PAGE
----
Off to AGU 2010 in San Francisco
I write the Eruptions blog on Big Think. I've been mesmerized with volcanoes (and geology) all my life. It helps that part of my family comes from the shadow of Nevado del Ruiz in Colombia, where I could see first hand the deadly effects of volcanic eruptions. Since then, I've taken a bit of a winding path to become a volcanologist. I started as a history major at Williams College, almost went into radio, but ended up migrating to geology, including an undergraduate thesis on Vinalhaven Island, Maine. I followed this up by changing coast to get my Ph.D. from Oregon State University. Then I ran a MC-ICP-MS lab at University of Washington for a spell (and wrote for an indie rock website). I spent three years as a postdoctoral scholar at University of California - Davis studying the inner workings of magmatic systems. I am now an assistant professor at Denison University and have projects in New Zealand, Chile and Oregon.
I am fascinated by volcanoes, their eruptions and how those eruptions interact with the people who live around the volcanoes. I started this blog after getting frustrated with the news reports of volcanic eruptions. Most of them get the information wrong and/or are just sensationalistic. I will try to summarize eruptions as they occur, translate some of the volcanic processes that are happening and comment on the reports themselves.
And no matter what people tell you, I definitely do not have a cat named Tephra. (OK, I do).
You can find out more about my research by visiting my website. If you have any comments, questions or information, feel free to contact me at eruptionsblog at gmail dot com.
It is that time a year again - final exams, Christmas music and the annual American Geophysical Union meeting in San Francisco. All this does make the end of the year always seem like a whirling storm of activity, but it definitely can be fun if you don't try to see and do everything.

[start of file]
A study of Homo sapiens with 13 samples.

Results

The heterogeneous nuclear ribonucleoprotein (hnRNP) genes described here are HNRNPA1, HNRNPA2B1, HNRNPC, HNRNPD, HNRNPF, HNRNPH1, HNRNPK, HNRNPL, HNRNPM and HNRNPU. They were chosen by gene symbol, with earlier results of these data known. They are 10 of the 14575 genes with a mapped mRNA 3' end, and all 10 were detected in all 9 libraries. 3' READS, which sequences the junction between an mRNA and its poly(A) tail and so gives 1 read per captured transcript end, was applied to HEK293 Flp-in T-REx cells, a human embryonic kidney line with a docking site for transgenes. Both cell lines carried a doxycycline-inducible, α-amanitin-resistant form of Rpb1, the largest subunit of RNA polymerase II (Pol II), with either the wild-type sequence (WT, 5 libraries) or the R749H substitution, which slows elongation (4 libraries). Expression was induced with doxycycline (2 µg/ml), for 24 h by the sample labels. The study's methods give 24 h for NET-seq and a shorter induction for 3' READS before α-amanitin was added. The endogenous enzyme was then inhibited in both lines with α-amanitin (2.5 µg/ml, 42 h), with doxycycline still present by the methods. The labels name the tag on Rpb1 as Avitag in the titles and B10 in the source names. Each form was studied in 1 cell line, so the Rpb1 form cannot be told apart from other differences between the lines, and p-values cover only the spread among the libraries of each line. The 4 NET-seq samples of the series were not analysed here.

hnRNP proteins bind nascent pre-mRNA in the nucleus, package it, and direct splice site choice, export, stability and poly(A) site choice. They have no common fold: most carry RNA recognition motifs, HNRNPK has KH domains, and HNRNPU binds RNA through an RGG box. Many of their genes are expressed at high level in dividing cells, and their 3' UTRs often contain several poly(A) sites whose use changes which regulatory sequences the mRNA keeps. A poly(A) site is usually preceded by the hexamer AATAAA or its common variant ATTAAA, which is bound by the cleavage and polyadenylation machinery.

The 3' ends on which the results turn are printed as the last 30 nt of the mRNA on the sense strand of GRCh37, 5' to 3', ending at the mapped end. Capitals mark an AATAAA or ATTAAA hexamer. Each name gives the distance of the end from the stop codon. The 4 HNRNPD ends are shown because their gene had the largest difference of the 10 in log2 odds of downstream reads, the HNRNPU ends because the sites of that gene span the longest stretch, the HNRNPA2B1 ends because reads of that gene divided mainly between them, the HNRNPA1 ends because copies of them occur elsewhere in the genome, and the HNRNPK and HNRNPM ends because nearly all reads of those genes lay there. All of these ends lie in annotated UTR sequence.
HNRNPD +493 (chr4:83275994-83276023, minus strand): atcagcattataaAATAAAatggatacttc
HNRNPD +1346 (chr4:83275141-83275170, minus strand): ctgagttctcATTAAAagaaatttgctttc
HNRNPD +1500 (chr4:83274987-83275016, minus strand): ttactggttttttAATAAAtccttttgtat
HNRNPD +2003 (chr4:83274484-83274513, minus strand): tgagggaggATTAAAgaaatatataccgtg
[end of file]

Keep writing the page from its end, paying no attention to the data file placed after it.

There is, as always, tons of interesting talks, press conferences and workshops at the AGU 2010 meeting and I'll be trying to post about some of the most exciting stuff I see or hear - some of that will end up here with daily (?) summaries, and some will come in on my @eruptionsblog twitter feed (remember, you don't have to be signed up for twitter to see the feed!)
You can check out the full schedule here, but a few presentations I'm especially excited to attend include:
There are a bunch of cool talks/posters on Friday, but sadly I jet back to Columbus on Thursday night to begin finals here at Denison.
There are also three interesting volcano-related press conferences in Moscone West 3000 that I am going to try to hit (not sure I've even been to a press conference):
As for me, I'll be giving a talk on the role that citizens might play in the future of volcano monitoring called "Using the 2010 Eyjafjallajökull eruption as a model of citizen involvement in scientific research" during a session on Monday afternoon - ED14A-07 at 5:30 in Moscone South 102. I'll also be on the panel for a Workshop called "Science Blogging" on Thursday from 2-4 in Moscone West 3000 - which will be webcast live (check out the main AGU 2010 website for the webcasts).
If you happen to be attending the meeting and see me, come on over and say "Hi!" or you can live vicariously through the updates I'll be posting ... and if anything big happens outside the convention center in the world of volcanoes, look for it here as well!
Entrepreneur and author Andrew Horn shares his rules for becoming an assured conversationalist.
- To avoid basing action on external validation, you need to find your "authentic voice" and use it.
- Finding your voice requires asking the right questions of yourself.
- There are 3-5 questions that you would generally want to ask people you are talking to.
Sarco assisted suicide pods come in three different styles, and allow you to die quickly and painlessly. They're even quite beautiful to look at.
Death: it happens to everyone (except, apparently, Keanu Reeves). But while the impoverished and lower-class people of the world die in the same ol' ways—cancer, heart disease, and so forth—the upper classes can choose hip and cool new ways to die. Now, there's an assisted-suicide pod so chic and so stylin' that peeps (young people still say peeps, right?) are calling it the "Tesla" of death... it's called... the Sarco!
Swiss researchers identify new dangers of modern cocaine.
- Cocaine cut with anti-worming adulterant levamisole may cause brain damage.
- Levamisole can thin out the prefrontal cortex and affect cognitive skills.
- Government health programs should encourage testing of cocaine for purity.